Gender Impacts of COVID-19: Budget update
Before the COVID-19 pandemic, the gender pay gap had narrowed to a record low and women’s participation in the workforce was at its highest level. That welcome progress is now at risk in a post-coronavirus environment. It is critical for a fast and sustainable recovery and that the labour potential of the whole population is fully leveraged.
The impacts of COVID-19 are experienced differently depending on gender. The effects on women have been changing over the course of the pandemic. In the early stages of the pandemic, the employment figures pointed to a ‘pink recession’ as the paid hours worked by women fell by more than half that of men, with women cutting back their hours by 11.5 percent compared to 7.5 percent for men.
The most recent Labour Force data (last week) found that hours worked increased more for females (5.0 per cent) than males (3.3 per cent) over the month – however hours worked for females were still around 7.3 per cent below March, compared to 6.5 per cent for males. The loss of employment remains relatively balanced between genders, with around 4 percent less male and female workers today compared to 12 months ago.
According to today’s Economic Update the employment-to-population ratio and the participation rate declined more significantly for women than for men in the June quarter. The significant fall in female participation moderated the rise in the measured unemployment rate for women.
The JobKeeper review found that young people and women have been disproportionally affected by the current downturn. Compared with pre-Coronavirus employment females are slightly over-represented in JobKeeper coverage. The review found that 47.1 percent of employees receiving JobKeeper were female, compared to 44.9 percent in private sector employment.
JobKeeper 2.0 is a welcome measure to support women during the pandemic given they make up a greater share of employment in the sectors most heavily affected by virus containment measures.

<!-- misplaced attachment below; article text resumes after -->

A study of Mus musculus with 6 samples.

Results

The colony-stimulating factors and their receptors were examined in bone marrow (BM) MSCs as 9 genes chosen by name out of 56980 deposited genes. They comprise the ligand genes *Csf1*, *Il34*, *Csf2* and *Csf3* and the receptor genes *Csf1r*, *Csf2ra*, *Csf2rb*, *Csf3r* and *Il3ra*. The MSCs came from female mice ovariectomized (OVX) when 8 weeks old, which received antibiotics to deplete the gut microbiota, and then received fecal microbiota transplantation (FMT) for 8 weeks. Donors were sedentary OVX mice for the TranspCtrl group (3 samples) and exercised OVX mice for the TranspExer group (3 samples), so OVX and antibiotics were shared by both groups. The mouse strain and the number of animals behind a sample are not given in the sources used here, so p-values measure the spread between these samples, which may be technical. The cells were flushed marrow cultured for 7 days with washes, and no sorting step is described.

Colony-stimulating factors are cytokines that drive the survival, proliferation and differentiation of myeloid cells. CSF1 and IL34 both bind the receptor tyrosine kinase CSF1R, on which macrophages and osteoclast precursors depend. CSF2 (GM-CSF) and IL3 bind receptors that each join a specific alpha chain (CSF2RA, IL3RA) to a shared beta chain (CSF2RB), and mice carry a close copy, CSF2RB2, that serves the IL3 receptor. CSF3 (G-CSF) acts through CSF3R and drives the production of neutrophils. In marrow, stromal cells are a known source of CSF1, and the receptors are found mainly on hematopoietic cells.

The Economic Update today outlines the $312 million cost of the Early Childhood Education and Care Relief Package which provided ‘free childcare’. This measure is partially offset from CCS that would otherwise have been paid in a non-COVID-19 environment with regular child care attendance.
While families will continue to be supported through the pandemic by easing the Child Care Subsidy activity test requirements and ensuring childcare fees remain at their pre-COVID-19 levels, the Government may need to consider providing further support to the sector if families choose to keep their children at home while self-isolating or withdrawing their children altogether. This would be in line with JobKeeper and its continuation until March 2021.
Early Access to Super
Data from the ATO in May indicated that men are withdrawing on average 40 percent more in super than women – however, the government has not yet completed a full distributional analysis of the impact on women’s super. We would be concerned if younger women were disproportionately accessing their entire super fund balance, as has been reported by some funds. There are also long-established factors in the super system which disadvantage women.
The Economic Update outlines $150 million in support for Australians at risk of domestic, family and sexual violence during the COVID-19 pandemic and further support to help protect victims of family violence in family law proceedings. This funding is welcome and supports the movement towards the fundamental right for women to feel safe in their homes and respected in their workplaces.
Other gender measures for recovery
The Prime Minister noted in his address to CEDA on 15 June that the government needed to maintain a key focus on its women’s economic security statement, which would get a refresh. While not included in today’s Economic Statement, we would welcome the refresh of this statement ahead of the October budget.
While the data now indicates a slightly more balanced impact between the genders, women have still been disproportionately impacted through increased levels of non-paid care work by taking up most of the additional burden that has come about due to home schooling and caring responsibilities. There is a real risk that the progress made in female participation may be eroded as high workforce disincentive rates and fewer work hours available make it an unviable option for women with caring responsibilities to increase their paid work hours.
The extension of the JobKeeper program, funding for domestic violence and the Early Childhood Education and Care Relief Package have provided significant support for women impacted by the pandemic.
We would encourage the government to monitor super withdrawals under the early access to super scheme and conduct a full distributional analysis to better understand any unintended consequences of the scheme.
Other measures that the government could continue to support to ensure the crisis and recovery doesn’t disadvantage women includes investing in gender-disaggregated data including the ABS Time Use Survey and the continued focus on longer term structural changes including reviewing inequities in the super system, such as the paid parental scheme; and reviewing the affordability of childcare as a key element to a strong and sustainable Australian economy.